For the first time in Maryland, engineering classes are moving into the high school.
This fall, 30 students from Carroll County's five high schools enrolled in a specially designed semester-long engineering course. It is the state's first and one of the few high school engineering classes in the nation, according to the National Science Foundation, which provided grants for a University of Maryland professor who helped design the course.
Educators say the class is a model of the kinds of breakthroughs schools must achieve as they prepare students for the 21st century. In contrast to a high school day divided into short courses on separate subjects, engineering forces students to take principles they have learned in physics, chemistry, biology and advanced math -- and apply them to the real world.
"A lot of teachers still think we should follow the layer-cake model, where you have biology in one layer, and that never
interacts with the next layer, which might be chemistry or physics," said Bradley Yohe, science supervisor for Carroll County schools.
"Engineering is all the layers," he said.
It also breaks down the walls at many high schools between classes that prepare students for the white-collar world and those that prepare them for the blue-collar world. The Carroll County class draws students from all five county high schools to the county's technology center, once the domain of students opting for the trades instead of college.
"I think it's just a product of our times," Mr. Yohe said. "Everything is becoming more sophisticated in technology. When you opened the hood of your car, it used to be pulleys and springs, and now there's a computer in there.
"It raises the expectations for all of us, and has naturally brought us together," he said.
While engineering isn't a piece of cake, it hasn't been as difficult for students as teachers once feared. Amy Hood, a 17-year-old senior at Westminster High, said the class has given her a chance to use the many science and math classes she has racked up.
"Anything you want to do, you can relate to engineering somehow," she said. "If you look at a wall, you think about how it will stand up to impact, or weather."
For instance, students might go from a physics formula on drag coefficients to sewing a parachute to test it, from measuring the viscosity of oil to designing a refinery pipe.
"They actually went out in the field and identified a wetlands by the plants -- that's biology -- and soils -- which is earth science," Mr. Yohe said. "Then they surveyed it, which is a technology piece, and then brought it back and put it on the computer and used a computer-aided design program and they drew the survey maps."
National science organizations have been urging schools to provide "authentic instruction" -- science as it is applied in the real world. Several years ago, Carroll schools had begun summer programs in which students spent a week or so with engineers at a local industry or the Johns Hopkins Applied Physics Laboratory.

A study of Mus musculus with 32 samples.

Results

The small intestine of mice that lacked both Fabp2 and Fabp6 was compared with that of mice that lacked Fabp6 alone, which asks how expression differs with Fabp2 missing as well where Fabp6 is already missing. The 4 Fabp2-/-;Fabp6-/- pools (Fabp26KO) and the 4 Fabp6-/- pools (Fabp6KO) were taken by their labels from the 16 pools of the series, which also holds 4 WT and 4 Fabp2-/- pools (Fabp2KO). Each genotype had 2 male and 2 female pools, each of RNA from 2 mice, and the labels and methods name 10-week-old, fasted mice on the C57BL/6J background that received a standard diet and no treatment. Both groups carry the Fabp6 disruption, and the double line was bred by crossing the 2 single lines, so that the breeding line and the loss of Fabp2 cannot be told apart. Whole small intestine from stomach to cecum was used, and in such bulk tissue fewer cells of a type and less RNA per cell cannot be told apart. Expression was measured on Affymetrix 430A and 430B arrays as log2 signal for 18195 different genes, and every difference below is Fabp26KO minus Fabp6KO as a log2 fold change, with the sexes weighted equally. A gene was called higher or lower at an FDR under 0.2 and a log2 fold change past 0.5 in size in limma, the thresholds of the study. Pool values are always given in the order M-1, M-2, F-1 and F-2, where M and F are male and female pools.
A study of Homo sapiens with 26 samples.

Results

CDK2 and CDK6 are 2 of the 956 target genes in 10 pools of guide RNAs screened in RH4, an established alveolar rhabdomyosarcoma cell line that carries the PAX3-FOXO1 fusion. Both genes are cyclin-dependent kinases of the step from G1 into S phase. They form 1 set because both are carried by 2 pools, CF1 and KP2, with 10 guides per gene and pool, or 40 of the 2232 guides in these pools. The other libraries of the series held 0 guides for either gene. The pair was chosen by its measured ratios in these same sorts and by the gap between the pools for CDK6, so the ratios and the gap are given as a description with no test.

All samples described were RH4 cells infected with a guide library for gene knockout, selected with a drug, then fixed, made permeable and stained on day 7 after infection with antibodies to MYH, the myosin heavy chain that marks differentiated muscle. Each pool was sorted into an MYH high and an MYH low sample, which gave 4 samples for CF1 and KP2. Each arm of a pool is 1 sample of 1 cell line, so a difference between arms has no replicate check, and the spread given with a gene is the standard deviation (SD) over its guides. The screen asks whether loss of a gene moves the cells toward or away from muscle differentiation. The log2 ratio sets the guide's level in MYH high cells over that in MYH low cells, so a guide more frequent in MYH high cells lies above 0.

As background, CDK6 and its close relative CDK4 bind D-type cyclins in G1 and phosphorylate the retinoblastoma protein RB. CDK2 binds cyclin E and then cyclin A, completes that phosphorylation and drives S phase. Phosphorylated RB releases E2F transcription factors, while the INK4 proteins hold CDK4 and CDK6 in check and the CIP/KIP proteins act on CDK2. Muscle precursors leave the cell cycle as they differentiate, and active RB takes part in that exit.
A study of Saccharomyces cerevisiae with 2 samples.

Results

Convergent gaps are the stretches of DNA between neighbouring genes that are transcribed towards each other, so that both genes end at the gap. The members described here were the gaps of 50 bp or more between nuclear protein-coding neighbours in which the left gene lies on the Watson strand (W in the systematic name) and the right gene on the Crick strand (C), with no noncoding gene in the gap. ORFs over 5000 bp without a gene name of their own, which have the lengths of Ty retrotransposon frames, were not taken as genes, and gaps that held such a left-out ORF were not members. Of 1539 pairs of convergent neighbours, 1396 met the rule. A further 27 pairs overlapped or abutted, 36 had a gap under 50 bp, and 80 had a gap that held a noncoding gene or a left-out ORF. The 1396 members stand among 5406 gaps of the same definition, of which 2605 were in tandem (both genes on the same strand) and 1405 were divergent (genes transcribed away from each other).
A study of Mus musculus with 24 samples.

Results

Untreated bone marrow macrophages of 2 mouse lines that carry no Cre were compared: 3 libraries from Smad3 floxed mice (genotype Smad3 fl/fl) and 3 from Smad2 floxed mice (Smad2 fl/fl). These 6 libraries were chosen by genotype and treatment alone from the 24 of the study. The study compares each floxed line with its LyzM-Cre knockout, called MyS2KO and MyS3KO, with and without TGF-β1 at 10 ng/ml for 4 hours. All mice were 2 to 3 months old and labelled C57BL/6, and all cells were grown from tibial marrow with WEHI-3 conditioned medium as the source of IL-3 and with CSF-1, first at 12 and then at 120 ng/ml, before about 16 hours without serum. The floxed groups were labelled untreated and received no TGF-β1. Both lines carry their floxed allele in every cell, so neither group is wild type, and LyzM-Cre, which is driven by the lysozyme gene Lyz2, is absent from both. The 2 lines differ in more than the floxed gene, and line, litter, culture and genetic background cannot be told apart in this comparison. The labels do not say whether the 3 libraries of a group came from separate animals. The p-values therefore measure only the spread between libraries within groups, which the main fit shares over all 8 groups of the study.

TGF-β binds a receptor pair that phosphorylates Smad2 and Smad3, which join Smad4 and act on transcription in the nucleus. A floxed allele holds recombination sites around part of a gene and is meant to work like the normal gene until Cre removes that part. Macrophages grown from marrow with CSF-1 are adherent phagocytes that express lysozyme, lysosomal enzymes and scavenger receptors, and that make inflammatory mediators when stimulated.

At the same time, University of Maryland engineering Professor Richard McCuen was developing high-school and middle-school programs in engineering, and training teachers all over the country. Since 1991, Dr. McCuen has received several grants for his work from the National Science Foundation and the Maryland Higher Education Commission.
As Mr. Yohe began to turn the summer program into a full-fledged class, he contacted Dr. McCuen, who offered training for the teachers and a variety of hands-on experiments and activities. Students design amusement park slides and subsonic wind tunnels, using inexpensive materials such as scrap lumber, ordinary hardware and rubber bands.
The course was originally to be called "pre-engineering," until Dr. McCuen looked it over and urged Mr. Yohe to change the name.
"There's nothing 'pre' about it," Dr. McCuen said. "This is engineering."
Dr. McCuen, who has taught at the College Park campus for 25 years, said his purpose is to demystify engineering for students like Amy who might choose it as a career, as well as for those who will not.
"I think it will make them more technologically literate, and that's important in our society," Dr. McCuen said.
Amy never wanted to sacrifice a strong academic schedule for the vocational track, in which she'd have had to spend a half-day at the center for two years.
"I'm taking every math and science class I can get my hands on," Amy said.
This engineering class, offered just in time for her senior year, was made to order.
The design is usually done on a computer; the technology center already had CAD -- computer-aided design -- terminals used in machining and other trades.
Dr. Evans said another reason engineering isn't usually taught in high schools is that the typical 45-minute class period isn't long enough for the kind of sustained concentration, building and practical work involved.
"I've taught physics at the high school level," Dr. Evans said. "You've set things up and just as you're ready to do an experiment, the bell rings."
Carroll County educators solved that problem by making the class two periods long, building on an existing trend toward fewer, longer classes in county high schools.
This course will end next month, at the end of the semester. But at least 10 of the students plan to spend the second semester doing an independent study, using the technology center's shops and instructors.